Orlando, Fla. — A good education that doesn’t lead to a satisfying career is a little bit like going to the beach every day and finding out that you really don’t like to swim. You may prefer the mountains.
Fortunately, for some Orange County high school students, there’s a unique program that will actually pay them to spend a few weeks in the water and on the sand, so to speak, to see how they like it.
It’s the Summer Internship Program run by Orange County Public School’s Career & Technical Education (CTE) department. Each year, CTE selects 4 or 5 high school juniors to earn a stipend while working at a participating organization, gaining real world experience that can pay dividends down the road. A student is assigned to the organization and provided real world work experience and mentoring for six weeks.
Aidan Artherton, 17, from East River High School, was assigned to the UCF Business Incubator in the Central Florida Research Park this summer. Since Artherton hopes to pursue a career in computer programming, the Incubator arranged for him to work with one of their client companies – BarKnock – doing just that. BarKnock is finalizing their sophisticated, data analytical mobile platform and needs help converting and upgrading some of the software.
Artherton says he plans to major in computer science when he goes to college but he wanted to get a feel for what it might be like when you walk in the door and sit down alongside professional programmers who do that for a living.
“I wanted to know what a programming job felt like since I’m going to be going into programming,” Artherton says. It didn’t take long in his summer job, he says, to find out “there are some challenges I didn’t expect, and it’s great to know about them now in this program!”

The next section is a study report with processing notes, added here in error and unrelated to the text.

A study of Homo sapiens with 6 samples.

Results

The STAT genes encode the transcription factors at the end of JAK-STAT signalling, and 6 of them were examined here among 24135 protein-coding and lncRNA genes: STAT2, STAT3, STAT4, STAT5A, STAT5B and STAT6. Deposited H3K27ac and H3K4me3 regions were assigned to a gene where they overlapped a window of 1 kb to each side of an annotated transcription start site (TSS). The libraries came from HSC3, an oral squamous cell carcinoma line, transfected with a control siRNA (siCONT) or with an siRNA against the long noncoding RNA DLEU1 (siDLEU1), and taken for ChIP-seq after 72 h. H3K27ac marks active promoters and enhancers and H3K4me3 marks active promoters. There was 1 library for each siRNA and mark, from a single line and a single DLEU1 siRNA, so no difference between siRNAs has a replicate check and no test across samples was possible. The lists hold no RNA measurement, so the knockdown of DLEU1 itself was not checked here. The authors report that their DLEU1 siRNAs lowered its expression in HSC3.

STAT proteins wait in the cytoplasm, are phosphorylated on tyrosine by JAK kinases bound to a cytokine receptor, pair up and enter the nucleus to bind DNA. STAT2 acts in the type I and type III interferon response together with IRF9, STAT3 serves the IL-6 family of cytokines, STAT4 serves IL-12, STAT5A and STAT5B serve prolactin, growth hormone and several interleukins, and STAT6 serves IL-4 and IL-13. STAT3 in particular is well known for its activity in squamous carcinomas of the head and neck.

The program worked for BarKnocks, too. CEO Ruben Nunez says he was impressed with his youthful intern’s skill at such a young age, and, more importantly, his eagerness to learn.
“His capabilities, motivation and self-starting attributes have surprised us,” Nunez says. BarKnocks, in fact, invited Artherton to stay on for an extra couple of weeks this summer, with pay, before school started, and Nunez vowed that anytime the young man wants a job “he’s got one at BarKnocks!”
Students in the program earn classroom credit, work at least 150 hours, and are closely supervised by an instructor who monitors their progress and maintains close contact with the employer. Applicants for the program include OCPS juniors 16 and older who are in Career & Technical Education fields such as information technology, finance, health sciences, tourism and hospitality.
Patricia Breeding, Internship Program Director for OCPS, says by working with employers and organizations like the UCF Business Incubator to offer high school level internships, they’re cultivating future home-grown employees. Students who participate benefit in many ways, by “test driving various careers, gaining solid and meaningful work experience for their resume.” Not to mention some extra cash!
Carol Ann Dykes, site manager at the UCF Business Incubator in Research Park says the importance of supporting programs like this is in addressing the shortage of local STEM workforce. “The more we can do to inspire and encourage high school students, the better the potential workforce for our client companies,” she said. “We’re already looking forward to next summer and have another OCPS student with us!”
Patricia Breeding, Internship Program Director, OCPS Career and Technical Education 407-317-3200 ext. 2690 firstname.lastname@example.org
Carol Ann Dykes, Site Manager, UCF Business Incubation Program, 407-207-7426;
Beth Payan, Larry Vershel Communications, 407-644-4142, Lvershelco@aol.com
About the UCF Business Incubation Program
The University of Central Florida Business Incubation Program is a community resource that provides early-stage companies with the tools, training and infrastructure to become financially stable, high growth/impact enterprises. Since 1999, this award-winning program has helped over 390 local startup companies reach their potential faster by providing vital business development resources.
With seven facilities throughout the region, the UCF Business Incubation Program is an economic development partnership between the University of Central Florida, the Corridor, Orange, Osceola, Seminole and Volusia Counties, and the cities of Apopka, Kissimmee, Orlando and Winter Springs. For the 2014/15 and 2015/16 fiscal years, the activities of these participating firms have helped to sustain more than 4,710 local jobs and have had a cumulative impact of over $725 million on regional GDP and over $1.3 billion on regional sales. During the same period, the program has returned $7.41 in state and local taxes for every $1.00 invested in the program. For more information, visit www.incubator.ucf.edu.